Coburn: 'Dangerous' Military-to-Police Program Threatens 'Very Principles That Built the Country'
WASHINGTON -- The Senate Homeland Security and Government Affairs Committee heard today that nearly all states in the union have accepted billions worth of surplus military equipment for their law enforcement agencies, with Ranking Member Tom Coburn (R-Okla.) calling the creeping militarization of police "dangerous ground" that threatens to undermine "the very principles that built the country."
"Protect and serve. Our founders saw no role for the federal government in state and local police forces. None. And yet we -- what we have seen is, on the basis of what we saw on 9/11, what seems to be an overreaction and a progress to where the federal government in law enforcement is doing the same thing it's done in every other area when it comes to the General Welfare Clause and the Commerce Clause," Coburn said.
"It's hard to see a difference between the militarized and increasingly federalized police force we see in towns across America today and the force that Madison had in mind when he said a standing military force with an overgrown executive will not long be a safe companion to liberty," he added. "I have some real heartburn with not just the 1033 program, with the UASI grants, with the -- some of the Justice Department grants, and with a lot of the Homeland Security grants in terms of how they've been utilized, what they've been utilized for."
Chairman Tom Carper (D-Del.) stressed that the hearing wasn't called to adjudicate the Michael Brown shooting case, but in light of the Ferguson protests the committee reviewed the $5 billion in surplus Defense Department equipment granted to police since 1997.
"These programs were established with a very good intention: to provide equipment that would help law enforcement perform their duties," Carper said. "And the question is whether what our police receive match what they truly need to uphold the law."
Fresh from a recess of protests in her home state, Sen. Claire McCaskill (D-Mo.) said she approached Carper about holding the hearing "because of the shock and sadness I felt as I saw events unfolding" in Ferguson.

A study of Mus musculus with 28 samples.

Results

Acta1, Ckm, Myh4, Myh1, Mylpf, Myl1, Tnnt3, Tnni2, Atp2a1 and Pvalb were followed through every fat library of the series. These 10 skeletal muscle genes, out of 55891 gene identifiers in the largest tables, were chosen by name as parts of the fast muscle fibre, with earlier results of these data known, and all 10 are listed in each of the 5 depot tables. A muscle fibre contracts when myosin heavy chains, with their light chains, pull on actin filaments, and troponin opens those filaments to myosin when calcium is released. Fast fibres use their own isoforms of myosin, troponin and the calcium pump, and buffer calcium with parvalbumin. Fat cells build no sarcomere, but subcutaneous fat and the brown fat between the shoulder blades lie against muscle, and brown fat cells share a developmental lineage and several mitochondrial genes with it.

"I think most Americans were uncomfortable watching a suburban street in St. Louis being transformed with vivid images, powerful images, across this country into a war zone, complete with camouflage, tear gas, rubber bullets, armored vehicles and laser sights on assault weapons," McCaskill said.
"While this hearing may reveal many strong arguments why some of this equipment may be helpful for the safety of police officers in certain situations, I am confident that militarized policing tactics are not consistent with the peaceful exercise of First Amendment rights of free speech and free assembly," she added, saying the Ferguson demonstrators "did not deserve to be treated like enemy combatants."
McCaskill said Texas law enforcement agencies now have 73 mine-resistant ambush-protected vehicles handed down from the military, while the National Guard there has only six. In Florida, the National Guard has no MRAPs while police agencies have 45.
The Defense Logistics Agency also reported to the committee that about 36 percent of all equipment given to police by the DoD is brand new or like new. "Why are we buying things in the Department of Defense merely to turn around and give them away?" McCaskill asked.
Alan Estevez, the principal deputy undersecretary of Defense for acquisition technology and logistics, said the "transfer of excess property to law enforcement agencies is a congressionally authorized program designed to ensure good stewardship of taxpayer resources."
More than 8,000 federal and state law enforcement agencies actively participate in the program, he said, in 49 states and three U.S. territories. Among the "controlled property" distributed to law enforcement over the past 12 months are more than 92,000 small arms, 44,000 night-vision devices, 52,000 Humvees, and 617 MRAPs.
"The department does not provide tanks, grenade launchers, sniper rifles, crew-served weapons, or uniforms. DOD has provided two Humvees, one generator, and one cargo trailer to the Ferguson Police Department. Additionally, DOD has provided to St. Louis county police departments six pistols, 12 rifles, 15 weapon sights, one ordinance disposal robot, 3 helicopters, 7 Humvees, and 2 night-vision devices," Estevez said.
"Property obtained through this program has been used extensively both for protection of law enforcement officers and the public, as well as for first-responder disaster relief support."